Susan Dromey-Heeter's Budget Vogue: Finding magic at the swap
There have been moments in life when I knew I was exactly where I should have been.
The day I noticed Omar Sharif in Paris' de Gaulle Airport. The evening I first spotted my husband across the room at the Officers' Club in Geilenkirchen, Germany. The mornings of my daughters' births. The afternoon last month I spent at the Portsmouth Public Library's fourth annual Women's Clothing Swap.
Wait - what?
Some moments, of course, need no explanation. OK, so Omar had aged quite a bit since his "Dr. Zhivago" days, but it was still a thrill to see him. My husband and daughters? There really is nothing so wonderful as love at first sight.
But, hold on. Perhaps there is something as wonderful as love at first sight. "Wonderful" only begins to describe the clothing swap the Portsmouth Public Library hosts each year.
So, what exactly is this clothing swap? Well, on Saturday, May 18, the swap was open to anyone. The idea was to "bring a bag of gently used, clean women's clothing and accessories and leave with a bag of new-to-you items." Why? "To clean out closets of things we don't need or want anymore. To maybe find a new, well-loved item for our wardrobe and to donate to a good cause - Goodwill."
This year's event was wonderfully superb, fabulously superb - up there with Durham's 700 Family Yard Sale as one of the reasons I am delighted with my geographic locale. And my favorite parts were not necessarily acquiring more couture, but rather seeing my necklace freshly adorning an old woman's neck and watching my friend Sandy's sparkle dress being tried on at least 12 times. This was the same dress Sandy's soon-to-be ex-husband had given her - the one she wanted to mail him with a note reading, "Maybe your new girlfriend can wear this!" We ultimately decided the karma was much better at the swap.
But, then again, everything was better at the swap - the laughter, the camaraderie. One of the marvelous workers brought in a cake for a colleague, and all "swappers" stopped to sing "Happy Birthday." I thought, "Now THIS would be the BEST birthday party EVER" and promised myself I'd host my next celebration at the swap. You're all invited; just bring a bag of clothes.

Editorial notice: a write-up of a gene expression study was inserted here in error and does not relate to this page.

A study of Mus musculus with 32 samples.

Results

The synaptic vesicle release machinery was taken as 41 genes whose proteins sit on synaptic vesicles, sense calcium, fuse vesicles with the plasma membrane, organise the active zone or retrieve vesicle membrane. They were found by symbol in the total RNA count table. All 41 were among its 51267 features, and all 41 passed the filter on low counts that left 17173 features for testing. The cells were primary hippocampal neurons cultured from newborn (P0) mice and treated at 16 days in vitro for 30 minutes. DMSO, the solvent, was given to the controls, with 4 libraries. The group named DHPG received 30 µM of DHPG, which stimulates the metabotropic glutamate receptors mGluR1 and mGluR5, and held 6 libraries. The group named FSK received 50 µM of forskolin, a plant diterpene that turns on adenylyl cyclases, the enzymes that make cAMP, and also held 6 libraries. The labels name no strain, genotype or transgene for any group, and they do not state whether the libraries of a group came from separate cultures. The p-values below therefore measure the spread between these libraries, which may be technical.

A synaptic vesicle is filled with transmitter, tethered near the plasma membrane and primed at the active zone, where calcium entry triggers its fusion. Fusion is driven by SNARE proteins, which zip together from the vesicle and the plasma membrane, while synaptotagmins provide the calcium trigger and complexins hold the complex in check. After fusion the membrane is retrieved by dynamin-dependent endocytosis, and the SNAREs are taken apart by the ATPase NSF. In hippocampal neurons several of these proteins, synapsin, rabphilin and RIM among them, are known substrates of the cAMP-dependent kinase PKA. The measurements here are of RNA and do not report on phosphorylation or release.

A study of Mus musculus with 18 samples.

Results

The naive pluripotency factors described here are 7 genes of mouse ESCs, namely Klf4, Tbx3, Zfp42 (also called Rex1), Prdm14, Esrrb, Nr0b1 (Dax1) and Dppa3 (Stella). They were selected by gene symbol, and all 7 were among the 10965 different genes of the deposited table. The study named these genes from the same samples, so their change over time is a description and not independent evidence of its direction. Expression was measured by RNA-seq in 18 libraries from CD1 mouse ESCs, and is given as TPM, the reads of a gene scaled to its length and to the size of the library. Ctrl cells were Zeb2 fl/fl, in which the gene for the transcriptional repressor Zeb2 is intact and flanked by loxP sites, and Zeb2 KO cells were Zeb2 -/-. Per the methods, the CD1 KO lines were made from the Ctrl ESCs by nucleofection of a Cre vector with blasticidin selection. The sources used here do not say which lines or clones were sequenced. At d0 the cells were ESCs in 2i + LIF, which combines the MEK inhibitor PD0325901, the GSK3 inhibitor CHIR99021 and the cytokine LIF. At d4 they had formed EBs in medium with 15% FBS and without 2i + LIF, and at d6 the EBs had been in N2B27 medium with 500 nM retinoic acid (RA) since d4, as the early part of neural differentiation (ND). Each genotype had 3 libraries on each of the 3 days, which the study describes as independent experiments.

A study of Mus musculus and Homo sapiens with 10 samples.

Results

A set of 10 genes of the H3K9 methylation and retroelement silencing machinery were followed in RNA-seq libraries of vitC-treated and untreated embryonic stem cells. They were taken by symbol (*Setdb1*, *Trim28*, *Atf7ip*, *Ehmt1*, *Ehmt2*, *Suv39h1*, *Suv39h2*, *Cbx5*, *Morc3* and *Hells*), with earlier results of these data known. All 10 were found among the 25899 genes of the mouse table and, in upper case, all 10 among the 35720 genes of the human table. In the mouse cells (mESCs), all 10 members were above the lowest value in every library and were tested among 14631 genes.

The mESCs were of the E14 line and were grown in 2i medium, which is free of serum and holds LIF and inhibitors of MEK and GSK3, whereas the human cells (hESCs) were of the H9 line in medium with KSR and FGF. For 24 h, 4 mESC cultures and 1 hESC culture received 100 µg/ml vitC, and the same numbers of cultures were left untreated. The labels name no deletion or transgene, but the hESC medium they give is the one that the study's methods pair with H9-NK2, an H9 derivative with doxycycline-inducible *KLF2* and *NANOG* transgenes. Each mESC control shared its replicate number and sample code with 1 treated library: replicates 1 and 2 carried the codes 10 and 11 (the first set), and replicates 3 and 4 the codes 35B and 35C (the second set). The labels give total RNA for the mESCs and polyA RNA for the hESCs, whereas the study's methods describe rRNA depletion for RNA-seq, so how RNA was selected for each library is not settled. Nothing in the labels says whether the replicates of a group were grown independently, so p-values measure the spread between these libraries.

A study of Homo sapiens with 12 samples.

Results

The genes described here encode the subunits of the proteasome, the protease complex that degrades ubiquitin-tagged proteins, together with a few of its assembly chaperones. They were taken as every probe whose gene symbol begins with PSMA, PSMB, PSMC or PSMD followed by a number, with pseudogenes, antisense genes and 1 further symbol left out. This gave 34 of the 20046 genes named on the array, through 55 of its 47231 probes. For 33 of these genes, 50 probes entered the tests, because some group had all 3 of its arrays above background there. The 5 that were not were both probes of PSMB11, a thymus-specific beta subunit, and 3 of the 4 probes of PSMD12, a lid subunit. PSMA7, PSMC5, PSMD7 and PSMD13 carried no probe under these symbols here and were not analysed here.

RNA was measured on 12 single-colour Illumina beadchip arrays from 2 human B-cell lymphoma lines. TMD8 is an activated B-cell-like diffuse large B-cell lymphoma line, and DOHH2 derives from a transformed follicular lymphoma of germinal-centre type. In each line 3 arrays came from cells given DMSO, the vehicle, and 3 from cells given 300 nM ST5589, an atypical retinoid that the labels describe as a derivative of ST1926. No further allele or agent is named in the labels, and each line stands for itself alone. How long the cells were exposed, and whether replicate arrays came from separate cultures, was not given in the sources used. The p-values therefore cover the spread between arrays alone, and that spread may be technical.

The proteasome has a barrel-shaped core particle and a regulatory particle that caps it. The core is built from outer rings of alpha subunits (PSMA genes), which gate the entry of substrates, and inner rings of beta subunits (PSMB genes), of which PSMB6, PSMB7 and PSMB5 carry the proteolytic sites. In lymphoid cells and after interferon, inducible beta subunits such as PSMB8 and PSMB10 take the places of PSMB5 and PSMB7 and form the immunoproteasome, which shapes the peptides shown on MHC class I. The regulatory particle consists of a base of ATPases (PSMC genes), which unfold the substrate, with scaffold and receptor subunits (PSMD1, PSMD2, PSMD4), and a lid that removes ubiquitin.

But why wait until May of 2014? I plan on orchestrating one of these swaps at my own place of work next fall. Why? Let's face it: Do we not all have too much in our closets? And while I do love to gather goods and bring them to my favorite venues of thrift, this exchange is more about providing another way to downsize and supporting locales I greatly appreciate.
My place of work happens to be Dover's Saint Mary Academy, a most wonderful Catholic school where our uniform exchange has been in place for years. Need a new uniform? Take one. Outgrew yours? Leave it in the bin for someone else. We've been green since before it was fashionable.
My vision is to open this up, a la the Portsmouth event, to include items beyond clothes, particularly items children do not necessarily need new: lunch boxes, unused notebooks, outgrown soccer cleats, mittens.
The Portsmouth swap had piles of clothes labeled by color and was magnificently organized chaos. Rifling through piles of blouses and gowns and pants that afternoon was delightful - well worth the hunt for the Lilly Pulitzer dress I'll be sporting this summer. Thanks to whomever set this lovely piece free from her closet!
I envision much the same for the Saint Mary event but with the opportunity to save some money (how great is it to shop without a wallet?) and see what is left over to donate to area thrift shops.
And, dear readers, OF COURSE there will be a table reserved solely for women's clothes.
In the meantime, enjoy your digging, your special moments, and start putting aside those items yearning for another's love.
Happy Summer Budget Vogueing .
Susan Dromey-Heeter's "Budget Vogue" column appears the first week of every month in the New Hampshire Sunday News. Email her at firstname.lastname@example.org.